The Weekly 2000 AD Prog 2204: Dredd’s Been Through The Desert With A Horse With No Name…

by Richard Bruton

The Galaxy’s greatest comic has been delivering the thrill power week after week since 1977. So it’s only right that we take a look inside every week here at Comicon. It’s time for the Weekly 2000 AD.

Cover by D’Israeli

Inside, it’s the start of a new Dredd tale, as Rob Williams deals with Ichabod Azrael’s horse in ‘They Shoot Talking Horses, Don’t They?‘ and there’s more shark folk horror in Hook Jaw, more double-crossing bounty action in Skip Tracer, more mystery unfolding in Stickleback, and more tales of blood-sucking history in Fiends of the Eastern Front.

2000 AD Prog 2204 – out in the UK on Wednesday 21st October on digital and from newsagents and comic shops.

JUDGE DREDD: THEY SHOOT TALKING HORSES, DON’T THEY? – PART 1 – Rob Williams and Dan Cornwell, letters by Annie Parkhouse

This is one of those where you know Williams had a dumb smile on his face all through writing it, don’t you? The title, the Shakespeare quote from a horse, Anderson’s opening line (Why the long face?)… all of it’s quite ridiculously daft.

Anyway, after Ichabod died in End of Days, his talking horse is bereft… “What now? What worth a steed without its rider? What use?”

Dredd… full of sympathy as you might guess. He, Anderson, and Horse are out in the Cursed Earth searching for the Mouth-Hounds that came through with Horse and Ichabod. They don’t end up finding them yet, but something else finds them – not good, not good at all.

Wonderful use of the Horse, great opening couple of pages setting it up, great artwork from Cornwell, whose Dredd is getting better and better (great Lawmaster as well here). But one thing bugged me – Dredd being so keen to race into an obvious trap? An uncharacteristic slip-up from Williams there. Aside from that – nice opener.

STICKLEBACK – NEW JERUSALEM – PART 5 – Ian Edginton, D’Israeli, letters by Jim Campbell

The big problem with supernatural baddies? Shooting them in the head might not be as effective as it usually is. That’s the problem Stickleback et al have found out here as their adversary turns into something far more otherworldly…

The other problem with supernatural baddies? You never quite know who or what the hell they’re going to throw at you next. And thus it is right here.

We’re still waiting to see just how the Stickleback/Sherlock thing is going to work itself out, as all involved are pretty damn busy staying alive right now. But I hope it’s something Edginton does get around to doing here, rather than simply keeping us guessing for the next serial.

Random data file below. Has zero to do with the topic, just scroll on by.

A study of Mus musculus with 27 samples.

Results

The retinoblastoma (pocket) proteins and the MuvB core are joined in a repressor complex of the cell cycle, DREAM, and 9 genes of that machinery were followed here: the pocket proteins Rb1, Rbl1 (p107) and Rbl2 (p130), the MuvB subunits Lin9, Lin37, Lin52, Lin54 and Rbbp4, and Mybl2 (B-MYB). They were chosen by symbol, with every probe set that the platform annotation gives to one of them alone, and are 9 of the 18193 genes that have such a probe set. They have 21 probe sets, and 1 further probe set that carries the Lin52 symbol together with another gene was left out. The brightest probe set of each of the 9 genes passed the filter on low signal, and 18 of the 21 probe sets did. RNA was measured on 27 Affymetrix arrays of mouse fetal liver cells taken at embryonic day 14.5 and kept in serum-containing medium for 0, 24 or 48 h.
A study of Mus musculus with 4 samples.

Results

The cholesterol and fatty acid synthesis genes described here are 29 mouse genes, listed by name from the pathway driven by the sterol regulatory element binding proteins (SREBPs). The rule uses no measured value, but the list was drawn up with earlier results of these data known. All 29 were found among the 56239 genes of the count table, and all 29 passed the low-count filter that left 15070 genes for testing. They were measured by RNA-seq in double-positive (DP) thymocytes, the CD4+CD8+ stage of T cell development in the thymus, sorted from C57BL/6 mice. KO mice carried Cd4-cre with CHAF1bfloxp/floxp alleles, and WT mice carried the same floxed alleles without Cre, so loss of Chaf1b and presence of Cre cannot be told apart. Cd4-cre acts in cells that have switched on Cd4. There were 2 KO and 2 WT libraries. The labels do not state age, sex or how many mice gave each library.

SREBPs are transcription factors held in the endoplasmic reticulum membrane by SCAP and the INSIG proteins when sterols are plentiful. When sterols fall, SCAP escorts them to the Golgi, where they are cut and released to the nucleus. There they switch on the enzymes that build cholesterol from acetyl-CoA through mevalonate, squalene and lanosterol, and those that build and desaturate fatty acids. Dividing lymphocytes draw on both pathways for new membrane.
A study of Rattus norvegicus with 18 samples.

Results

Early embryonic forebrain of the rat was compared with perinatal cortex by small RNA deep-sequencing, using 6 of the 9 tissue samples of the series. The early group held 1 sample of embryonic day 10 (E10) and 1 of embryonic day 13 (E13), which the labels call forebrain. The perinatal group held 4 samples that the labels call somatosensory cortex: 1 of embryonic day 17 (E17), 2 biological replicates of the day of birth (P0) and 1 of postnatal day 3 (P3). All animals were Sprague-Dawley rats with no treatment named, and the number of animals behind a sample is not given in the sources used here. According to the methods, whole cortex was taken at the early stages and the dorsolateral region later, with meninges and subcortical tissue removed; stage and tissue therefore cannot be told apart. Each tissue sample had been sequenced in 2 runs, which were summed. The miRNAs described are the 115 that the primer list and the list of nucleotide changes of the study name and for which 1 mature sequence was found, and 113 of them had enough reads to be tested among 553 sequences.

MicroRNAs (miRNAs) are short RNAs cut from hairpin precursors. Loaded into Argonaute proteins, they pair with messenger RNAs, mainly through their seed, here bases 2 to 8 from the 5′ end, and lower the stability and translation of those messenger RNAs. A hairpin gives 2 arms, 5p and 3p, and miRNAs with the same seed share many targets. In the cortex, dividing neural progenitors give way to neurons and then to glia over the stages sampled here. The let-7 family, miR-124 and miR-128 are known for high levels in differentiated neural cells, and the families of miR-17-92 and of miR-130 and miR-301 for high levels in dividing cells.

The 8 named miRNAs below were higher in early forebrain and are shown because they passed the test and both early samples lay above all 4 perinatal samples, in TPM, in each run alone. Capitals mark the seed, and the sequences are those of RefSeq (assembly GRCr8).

SKIP TRACER – HYPERBALLAD – PART 5 – James Peaty, Paul Marshall, colours by Dylan Teague, letters by Simon Bowland

Remember how that question of spoiled bratty pop star India happened to have those unexplained Manga-style features just kept going unanswered? Well, here we go.

And no surprise, it’s all to do with her dodgy as hell manager, Van Hess.

Meanwhile, Nathan Blake is busy down in the Underneath and things are coming together, just as we knew they would.

Perhaps the biggest issue with Skip Tracer is that it’s very much a strip that does just what you’d expect, going from A to B to C, little to surprise but doing what it does very well.

FIENDS OF THE EASTERN FRONT – CONSTANTA – PART 4 – Ian Edginton, Tiernen Trevallion, letters by Annie Parkhouse

The art from Trevallion is still quite bloody beautiful on this one, getting all the folklore-ish-ness of the story just right, something of the ancient religious imagery, chursch mosaics, about it. And as for Edginton’s story, it’s veered far more into folklore than we ever thought it would, lookin gway back in the family history of the clan Constanta, confounding what was expected and coming up with a great tale.

So… blood, dragons, wolves, a tale told and a boy becomes a man. How we go from man to fiend… well, that’s for the future.

HOOK JAW – PART 5 – Alec Worley, Leigh Gallagher, letters by Simon Bowland

We were expecting a shark versus man sort of thing, but Hookjaw has turned into something else, a strange folk horror where the shark seems to be able to be something else… or perhaps something or someone else seems to be able to be the shark?

Anyhow, poor old Jack is on the verge of losing it, way too deep in things he doesn’t understand.

Hookjaw really has turned into something different, Worley’s script turning everything on its head, using the shark to set up something bigger, weaving magic and folklore in so well. And Gallagher… well, he’s doing incredible things. You will believe a shark can fit in a jacuzzi.